A new study from the University of California, San Diego, has found that elderly women who sit for a minimum of 10 hours daily and get little to no exercise have cells that are biologically older than their more active counterparts.
Elderly women who get less than 40 minutes of moderate exercise and are sedentary for approximately ten hours daily have shorter telomeres that are associated with older cells. Telomeres are small caps on the end of DNA strands meant to protect the chromosomes, and as you age, these caps get shorter and deteriorate. The telomeres found within the cells of the women studied revealed that at a biological level, those who led a mostly sedentary life were on average eight years older than those who remained active.
These shortened telomeres come with a host of potential risk factors and are linked with diabetes, cardiovascular disease, and even some major cancers. The women tested were part of a large existing study known as the Women’s Health Initiative, which focuses on observing the determinants in post-menopausal women of chronic diseases.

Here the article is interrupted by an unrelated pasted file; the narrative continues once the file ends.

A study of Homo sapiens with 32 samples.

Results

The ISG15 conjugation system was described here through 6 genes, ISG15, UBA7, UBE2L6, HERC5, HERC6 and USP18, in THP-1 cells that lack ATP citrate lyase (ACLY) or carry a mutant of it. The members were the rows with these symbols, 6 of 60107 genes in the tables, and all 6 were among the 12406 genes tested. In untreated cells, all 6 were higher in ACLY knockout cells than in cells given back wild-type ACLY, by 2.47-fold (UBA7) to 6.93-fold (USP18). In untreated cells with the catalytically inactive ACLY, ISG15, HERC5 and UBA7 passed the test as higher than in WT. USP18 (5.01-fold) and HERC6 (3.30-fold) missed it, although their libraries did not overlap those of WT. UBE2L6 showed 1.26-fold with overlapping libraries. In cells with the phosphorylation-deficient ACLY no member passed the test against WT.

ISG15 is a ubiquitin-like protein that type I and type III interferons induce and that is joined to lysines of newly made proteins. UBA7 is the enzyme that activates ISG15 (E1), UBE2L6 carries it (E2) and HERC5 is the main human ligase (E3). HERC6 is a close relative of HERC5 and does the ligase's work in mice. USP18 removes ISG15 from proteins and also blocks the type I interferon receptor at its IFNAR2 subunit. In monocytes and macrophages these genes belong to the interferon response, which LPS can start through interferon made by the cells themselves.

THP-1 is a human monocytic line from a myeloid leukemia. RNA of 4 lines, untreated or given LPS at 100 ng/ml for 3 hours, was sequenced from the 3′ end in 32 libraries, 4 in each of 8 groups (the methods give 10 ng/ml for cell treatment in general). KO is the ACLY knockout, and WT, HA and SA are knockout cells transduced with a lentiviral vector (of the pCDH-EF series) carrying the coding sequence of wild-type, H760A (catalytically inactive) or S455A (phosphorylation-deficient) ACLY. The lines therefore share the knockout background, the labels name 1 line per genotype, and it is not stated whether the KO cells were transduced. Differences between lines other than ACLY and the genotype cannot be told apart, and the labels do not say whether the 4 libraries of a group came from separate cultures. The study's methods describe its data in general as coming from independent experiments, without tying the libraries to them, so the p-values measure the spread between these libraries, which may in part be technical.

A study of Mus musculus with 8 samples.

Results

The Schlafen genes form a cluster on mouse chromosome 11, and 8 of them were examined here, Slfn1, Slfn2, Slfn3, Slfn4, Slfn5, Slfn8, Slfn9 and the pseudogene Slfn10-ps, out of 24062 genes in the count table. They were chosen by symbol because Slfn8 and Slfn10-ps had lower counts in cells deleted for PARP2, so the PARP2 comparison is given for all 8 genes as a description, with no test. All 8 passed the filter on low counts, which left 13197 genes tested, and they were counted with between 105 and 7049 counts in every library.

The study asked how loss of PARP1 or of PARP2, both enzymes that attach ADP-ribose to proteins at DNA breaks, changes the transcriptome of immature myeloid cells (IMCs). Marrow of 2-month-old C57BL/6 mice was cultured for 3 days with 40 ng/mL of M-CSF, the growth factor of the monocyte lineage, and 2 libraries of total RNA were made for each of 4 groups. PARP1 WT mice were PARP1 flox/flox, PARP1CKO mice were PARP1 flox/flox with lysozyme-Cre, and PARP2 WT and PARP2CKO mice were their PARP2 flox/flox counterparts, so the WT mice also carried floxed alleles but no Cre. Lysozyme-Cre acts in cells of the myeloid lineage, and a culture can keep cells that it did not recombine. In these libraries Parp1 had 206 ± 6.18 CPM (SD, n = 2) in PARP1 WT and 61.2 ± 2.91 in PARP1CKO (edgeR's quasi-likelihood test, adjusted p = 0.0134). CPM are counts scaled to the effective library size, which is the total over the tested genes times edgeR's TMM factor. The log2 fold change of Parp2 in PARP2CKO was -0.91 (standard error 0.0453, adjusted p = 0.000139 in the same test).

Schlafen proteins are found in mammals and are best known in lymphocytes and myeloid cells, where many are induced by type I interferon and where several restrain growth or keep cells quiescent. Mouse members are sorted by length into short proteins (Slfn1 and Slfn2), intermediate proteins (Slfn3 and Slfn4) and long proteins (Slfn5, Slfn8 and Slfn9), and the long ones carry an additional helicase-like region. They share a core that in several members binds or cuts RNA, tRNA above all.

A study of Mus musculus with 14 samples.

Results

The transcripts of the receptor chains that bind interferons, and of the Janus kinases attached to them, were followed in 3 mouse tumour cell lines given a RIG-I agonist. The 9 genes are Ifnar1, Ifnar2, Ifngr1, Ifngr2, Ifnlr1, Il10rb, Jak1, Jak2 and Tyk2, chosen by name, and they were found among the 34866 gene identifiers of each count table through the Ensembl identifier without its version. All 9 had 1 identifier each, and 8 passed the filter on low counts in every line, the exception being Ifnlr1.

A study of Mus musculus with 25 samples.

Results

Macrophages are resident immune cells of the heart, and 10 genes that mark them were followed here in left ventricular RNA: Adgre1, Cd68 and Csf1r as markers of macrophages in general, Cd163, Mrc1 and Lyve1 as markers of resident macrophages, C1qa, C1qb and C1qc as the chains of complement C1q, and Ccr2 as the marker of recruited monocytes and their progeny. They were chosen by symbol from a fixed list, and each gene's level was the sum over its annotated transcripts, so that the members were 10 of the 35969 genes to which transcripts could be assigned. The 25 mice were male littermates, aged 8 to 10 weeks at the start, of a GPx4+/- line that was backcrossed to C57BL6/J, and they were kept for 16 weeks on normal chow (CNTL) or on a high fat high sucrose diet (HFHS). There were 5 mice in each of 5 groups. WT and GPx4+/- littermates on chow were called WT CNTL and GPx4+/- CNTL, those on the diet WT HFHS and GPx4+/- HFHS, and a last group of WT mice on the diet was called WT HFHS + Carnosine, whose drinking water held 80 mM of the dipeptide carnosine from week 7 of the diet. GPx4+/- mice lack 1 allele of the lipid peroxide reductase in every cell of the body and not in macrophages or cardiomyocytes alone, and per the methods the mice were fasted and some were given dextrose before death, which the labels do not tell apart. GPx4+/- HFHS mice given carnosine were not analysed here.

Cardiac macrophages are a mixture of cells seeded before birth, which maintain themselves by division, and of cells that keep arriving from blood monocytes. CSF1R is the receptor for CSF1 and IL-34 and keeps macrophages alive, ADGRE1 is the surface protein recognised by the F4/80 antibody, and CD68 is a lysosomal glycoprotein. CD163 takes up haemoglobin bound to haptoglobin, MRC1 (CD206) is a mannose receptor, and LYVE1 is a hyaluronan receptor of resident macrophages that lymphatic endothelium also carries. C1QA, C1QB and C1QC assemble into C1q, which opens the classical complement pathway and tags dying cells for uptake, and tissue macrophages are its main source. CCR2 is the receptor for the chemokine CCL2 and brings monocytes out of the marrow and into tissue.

Approximately 1,500 women between the ages of 64 and 95 had their movement tracked using an accelerometer that was worn 24 hours a day for a full week. The results showed that the key to maintaining telomere length was not reducing sitting time, but increasing exercise and movement.
Lead author of the study, Dr. Aladdin Shadyab addressed this, stating “We found that women who sat longer did not have shorter telomere length if they exercised for at least 30 minutes a day, the national recommended guideline.”
These findings show that even if an individual spends a large amount of time being sedentary, exercising for the recommended 30 minutes a day can prevent premature biological aging. It is important to note the limitations of this study, as the population studied was limited to elderly women and cannot be applied to the general population without further research.